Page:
As well as preventing unwanted litters of kittens, there are also several health benefits in neutering cats….
With thousands of cats given up to rehoming centres or relinquished to the stray population every year in the UK, it is vital that pet cats are neutered to reduce these increasingly out-of-control statistics.
Did you know that a single unneutered female cat could be responsible for 20,000 descendants in 5 years??
Traditionally, cats were generally neutered at around 6 months of age, but it is now becoming common practice to neuter at the earlier age of 4 months old, when cats start to breed.
At Stanhope Park Veterinary Hospital, we are part of the Cats Protection Kitten Neutering Database (KiND), which means we promote early neutering of cats; our Practice Policy being to spay females, and to castrate males from 4 months of age. We are also actively involved in the neutering of feral cats as early as 2 months of age.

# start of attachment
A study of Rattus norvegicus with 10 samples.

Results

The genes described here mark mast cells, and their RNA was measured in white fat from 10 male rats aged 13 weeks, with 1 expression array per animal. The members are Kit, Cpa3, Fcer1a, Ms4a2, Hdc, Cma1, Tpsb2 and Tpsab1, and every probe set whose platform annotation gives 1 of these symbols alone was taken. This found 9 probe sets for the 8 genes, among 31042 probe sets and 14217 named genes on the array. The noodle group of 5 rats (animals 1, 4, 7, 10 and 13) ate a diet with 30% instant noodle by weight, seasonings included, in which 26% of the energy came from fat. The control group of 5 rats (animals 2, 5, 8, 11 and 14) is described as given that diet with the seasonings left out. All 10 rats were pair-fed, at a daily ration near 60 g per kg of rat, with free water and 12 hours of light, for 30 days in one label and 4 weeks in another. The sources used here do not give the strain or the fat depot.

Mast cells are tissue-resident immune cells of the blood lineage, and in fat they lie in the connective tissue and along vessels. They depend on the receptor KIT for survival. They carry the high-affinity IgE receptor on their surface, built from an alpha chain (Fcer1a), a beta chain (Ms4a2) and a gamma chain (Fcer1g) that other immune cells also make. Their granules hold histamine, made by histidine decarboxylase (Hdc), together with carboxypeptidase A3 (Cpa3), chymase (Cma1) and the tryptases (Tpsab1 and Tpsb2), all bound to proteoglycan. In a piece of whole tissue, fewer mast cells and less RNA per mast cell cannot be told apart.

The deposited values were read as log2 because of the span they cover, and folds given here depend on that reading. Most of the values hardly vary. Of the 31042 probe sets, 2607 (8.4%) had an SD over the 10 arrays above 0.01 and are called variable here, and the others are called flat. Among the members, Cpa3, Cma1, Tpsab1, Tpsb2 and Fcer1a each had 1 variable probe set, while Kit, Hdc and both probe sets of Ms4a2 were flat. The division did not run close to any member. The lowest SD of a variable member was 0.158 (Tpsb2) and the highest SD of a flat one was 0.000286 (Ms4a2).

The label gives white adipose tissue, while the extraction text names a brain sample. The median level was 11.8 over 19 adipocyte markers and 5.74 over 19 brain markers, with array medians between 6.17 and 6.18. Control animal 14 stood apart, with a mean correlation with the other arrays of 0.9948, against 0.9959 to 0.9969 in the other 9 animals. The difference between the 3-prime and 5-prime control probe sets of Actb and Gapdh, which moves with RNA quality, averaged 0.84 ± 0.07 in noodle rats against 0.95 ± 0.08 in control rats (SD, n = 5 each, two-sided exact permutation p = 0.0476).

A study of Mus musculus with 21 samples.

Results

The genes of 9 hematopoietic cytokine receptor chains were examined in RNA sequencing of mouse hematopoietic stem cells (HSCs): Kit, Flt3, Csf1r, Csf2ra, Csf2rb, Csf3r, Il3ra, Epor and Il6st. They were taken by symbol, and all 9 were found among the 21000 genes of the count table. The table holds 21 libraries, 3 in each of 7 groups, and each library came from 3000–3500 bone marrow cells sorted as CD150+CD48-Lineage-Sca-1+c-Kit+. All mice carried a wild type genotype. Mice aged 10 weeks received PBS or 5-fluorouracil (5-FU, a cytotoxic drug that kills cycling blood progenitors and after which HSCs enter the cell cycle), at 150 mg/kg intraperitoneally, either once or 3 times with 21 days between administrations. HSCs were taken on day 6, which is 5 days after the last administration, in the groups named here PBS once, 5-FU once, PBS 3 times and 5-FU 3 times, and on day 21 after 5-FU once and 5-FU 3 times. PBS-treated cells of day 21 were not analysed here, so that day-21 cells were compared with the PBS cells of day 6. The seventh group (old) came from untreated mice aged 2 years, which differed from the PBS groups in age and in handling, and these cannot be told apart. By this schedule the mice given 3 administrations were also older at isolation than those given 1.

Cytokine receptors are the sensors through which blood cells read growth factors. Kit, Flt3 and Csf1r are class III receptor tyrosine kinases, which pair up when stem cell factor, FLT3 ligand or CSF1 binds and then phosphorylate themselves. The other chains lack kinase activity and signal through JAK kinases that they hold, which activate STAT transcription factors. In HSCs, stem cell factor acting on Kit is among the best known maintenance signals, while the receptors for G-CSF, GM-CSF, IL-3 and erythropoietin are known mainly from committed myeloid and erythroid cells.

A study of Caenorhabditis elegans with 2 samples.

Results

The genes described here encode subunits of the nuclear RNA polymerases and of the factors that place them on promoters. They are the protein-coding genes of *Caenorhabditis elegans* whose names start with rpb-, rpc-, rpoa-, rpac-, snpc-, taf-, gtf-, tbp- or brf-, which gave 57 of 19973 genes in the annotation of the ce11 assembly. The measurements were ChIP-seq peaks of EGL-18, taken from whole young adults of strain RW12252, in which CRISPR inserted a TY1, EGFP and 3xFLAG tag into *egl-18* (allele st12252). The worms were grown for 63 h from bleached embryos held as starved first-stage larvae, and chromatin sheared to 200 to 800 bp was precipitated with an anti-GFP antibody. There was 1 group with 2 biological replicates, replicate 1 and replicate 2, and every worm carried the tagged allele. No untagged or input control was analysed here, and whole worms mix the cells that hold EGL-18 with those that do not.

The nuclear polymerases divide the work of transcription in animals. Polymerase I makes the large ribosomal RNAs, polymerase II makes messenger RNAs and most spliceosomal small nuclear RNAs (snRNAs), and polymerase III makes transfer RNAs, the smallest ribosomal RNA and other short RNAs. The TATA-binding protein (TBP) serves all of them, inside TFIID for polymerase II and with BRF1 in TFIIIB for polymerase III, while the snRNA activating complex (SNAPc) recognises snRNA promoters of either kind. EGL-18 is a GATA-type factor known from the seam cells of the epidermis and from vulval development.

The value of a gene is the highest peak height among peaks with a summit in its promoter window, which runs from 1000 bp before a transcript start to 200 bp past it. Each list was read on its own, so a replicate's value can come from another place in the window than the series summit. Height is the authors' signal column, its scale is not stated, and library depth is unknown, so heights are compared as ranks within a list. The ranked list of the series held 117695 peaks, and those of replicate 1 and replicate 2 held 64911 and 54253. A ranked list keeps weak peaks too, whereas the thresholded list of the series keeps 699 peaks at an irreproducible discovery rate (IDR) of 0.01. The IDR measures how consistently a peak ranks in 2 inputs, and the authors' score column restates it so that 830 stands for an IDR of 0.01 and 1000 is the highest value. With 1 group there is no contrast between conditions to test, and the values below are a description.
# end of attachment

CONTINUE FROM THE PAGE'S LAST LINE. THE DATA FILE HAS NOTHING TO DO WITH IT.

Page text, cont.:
As well as preventing unwanted pregnancies, neutering also provides health benefits to our beloved purry friends. Spaying (removal of the ovaries and uterus), reduces the occurrence of mammary tumours as well as prevention of uterine infections such as pyometra, and prevents spread of infectious diseases to her kittens. Castration (removal of the testes), prevents testicular cancer, and reduces territorial behaviour such as fighting which can cause painful abscesses as well as transmission of terminal illnesses such as FIV (Feline Immunodeficiency Virus).
Unwanted behaviours such as wandering and urine spraying can be drastically reduced by neutering, as well as preventing females from wailing or “calling” whilst in heat (sexually mature females come into season every 3 weeks during the breeding season)!
A common myth is that it is kinder to allow female cats to have a litter before neutering. There is no evidence to support this rationale, with the reality being that surgery is easier when performed at a younger age and kittens recover more quickly.
For more information on neutering cats or to arrange an appointment, please call the surgery on 01325 380111.